Paul Krugman
Professor of Economics, Princeton; Columnist, The New York Times
01:50

Paul Krugman on the Legacy of the Bush Administration


Paul Krugman

Paul Krugman is an author, economist, and Princeton professor who is probably best known for his op-ed columns in the New York Times.

Krugman is the author of over twenty books, including The Conscience of a Liberal, a progressive manifesto, and The Great Unraveling, a collection of his op-ed columns.

Transcript

Topic: Early warning

Paul Krugman: I’m not sure it’s what I should be best known for, but what I’m best known for is being one of the first to really say that the Bush administration was not to be trusted.  So I was the first . . .  certainly the first major newspaper, Op Ed type writer to say that.  Because I said it even before the . . . even before the 2000 election was held.  So I can go back and point you to columns from the summer of 2000 that I think foreshadow   . . . at least foreshadow the way most people now think about the Bush administration before there even was a Bush administration.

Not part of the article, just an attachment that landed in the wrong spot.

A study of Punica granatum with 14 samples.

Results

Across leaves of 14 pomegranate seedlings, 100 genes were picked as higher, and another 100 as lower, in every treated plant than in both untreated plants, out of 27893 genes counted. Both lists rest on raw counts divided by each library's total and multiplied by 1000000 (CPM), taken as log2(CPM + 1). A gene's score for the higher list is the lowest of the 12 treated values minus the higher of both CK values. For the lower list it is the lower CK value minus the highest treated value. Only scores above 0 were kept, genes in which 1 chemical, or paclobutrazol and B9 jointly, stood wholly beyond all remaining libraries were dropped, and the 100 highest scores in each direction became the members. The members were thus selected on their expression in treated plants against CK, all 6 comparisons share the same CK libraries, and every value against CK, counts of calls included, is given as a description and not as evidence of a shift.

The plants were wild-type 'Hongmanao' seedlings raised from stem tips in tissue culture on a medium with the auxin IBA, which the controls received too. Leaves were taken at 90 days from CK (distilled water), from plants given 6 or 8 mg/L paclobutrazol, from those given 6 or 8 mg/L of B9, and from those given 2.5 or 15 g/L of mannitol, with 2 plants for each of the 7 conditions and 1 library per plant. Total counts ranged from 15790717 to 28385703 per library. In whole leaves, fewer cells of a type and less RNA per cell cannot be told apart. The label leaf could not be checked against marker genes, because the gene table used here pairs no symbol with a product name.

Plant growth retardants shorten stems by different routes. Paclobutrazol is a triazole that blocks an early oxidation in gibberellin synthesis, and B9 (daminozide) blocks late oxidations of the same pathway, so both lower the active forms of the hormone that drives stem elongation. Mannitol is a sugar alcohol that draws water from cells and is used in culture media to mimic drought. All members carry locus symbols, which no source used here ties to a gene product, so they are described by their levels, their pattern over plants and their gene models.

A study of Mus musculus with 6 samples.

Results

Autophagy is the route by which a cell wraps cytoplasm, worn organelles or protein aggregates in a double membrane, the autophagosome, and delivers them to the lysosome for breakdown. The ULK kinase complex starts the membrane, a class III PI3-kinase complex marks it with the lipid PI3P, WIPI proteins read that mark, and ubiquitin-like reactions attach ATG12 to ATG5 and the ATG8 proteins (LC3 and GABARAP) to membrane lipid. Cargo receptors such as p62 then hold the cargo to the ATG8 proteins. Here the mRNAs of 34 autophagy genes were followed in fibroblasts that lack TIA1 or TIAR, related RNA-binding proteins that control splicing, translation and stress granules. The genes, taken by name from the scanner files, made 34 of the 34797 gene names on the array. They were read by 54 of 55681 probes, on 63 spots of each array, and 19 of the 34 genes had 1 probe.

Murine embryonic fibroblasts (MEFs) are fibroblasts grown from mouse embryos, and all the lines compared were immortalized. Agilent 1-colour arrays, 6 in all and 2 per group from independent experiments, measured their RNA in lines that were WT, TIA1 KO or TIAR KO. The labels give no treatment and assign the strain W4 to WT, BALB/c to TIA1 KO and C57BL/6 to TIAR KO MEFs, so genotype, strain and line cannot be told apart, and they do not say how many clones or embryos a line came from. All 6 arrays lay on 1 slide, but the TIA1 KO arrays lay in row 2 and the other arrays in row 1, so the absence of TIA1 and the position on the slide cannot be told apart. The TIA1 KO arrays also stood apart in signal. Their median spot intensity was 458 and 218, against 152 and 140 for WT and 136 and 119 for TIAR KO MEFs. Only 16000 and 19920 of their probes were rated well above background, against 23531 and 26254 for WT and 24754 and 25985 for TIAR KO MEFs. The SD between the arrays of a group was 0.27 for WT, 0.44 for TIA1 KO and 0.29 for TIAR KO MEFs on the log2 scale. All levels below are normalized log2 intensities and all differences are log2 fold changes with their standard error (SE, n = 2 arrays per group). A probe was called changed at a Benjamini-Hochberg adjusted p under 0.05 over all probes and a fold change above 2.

I knew some things that most journalists don’t, like arithmetic.  So I was looking at the policy proposals, and I just said, “They’re lying.  They are . . . they’re not being honest about what it is they’re proposing.”  And that was a pretty good guide.  To me . . . it seemed to me like that was much better evidence than whether Bush seemed like a guy you wanted to have a beer with.

Question: What was a red flag?

Paul Krugman: Social Security.  Bush was basically counting the same couple of trillion dollars twice.  He was saying we can have it available to pay benefits, but we can also invest it and get lots of money out of it.  And it didn’t . . . that didn’t make sense.  Taxes – he was claiming that his tax cuts favored the middle class.  And you could do the math.  They didn’t.  They were very much tilted towards the top.  And there were a bunch of other things, smaller things; but just the clear dishonesty about what was actually in his own policy proposals.  And being the kind of guy I am, if you’re lying about the numbers, that to me is, you know  . . .  It’s not really the worst offense, but it’s the clearest sign that you’re not a man you should be . . . that the public should trust...it’s crazy, right?  In fact you are not going to have a beer with the President.  But you wanted somebody you can trust to run the nation.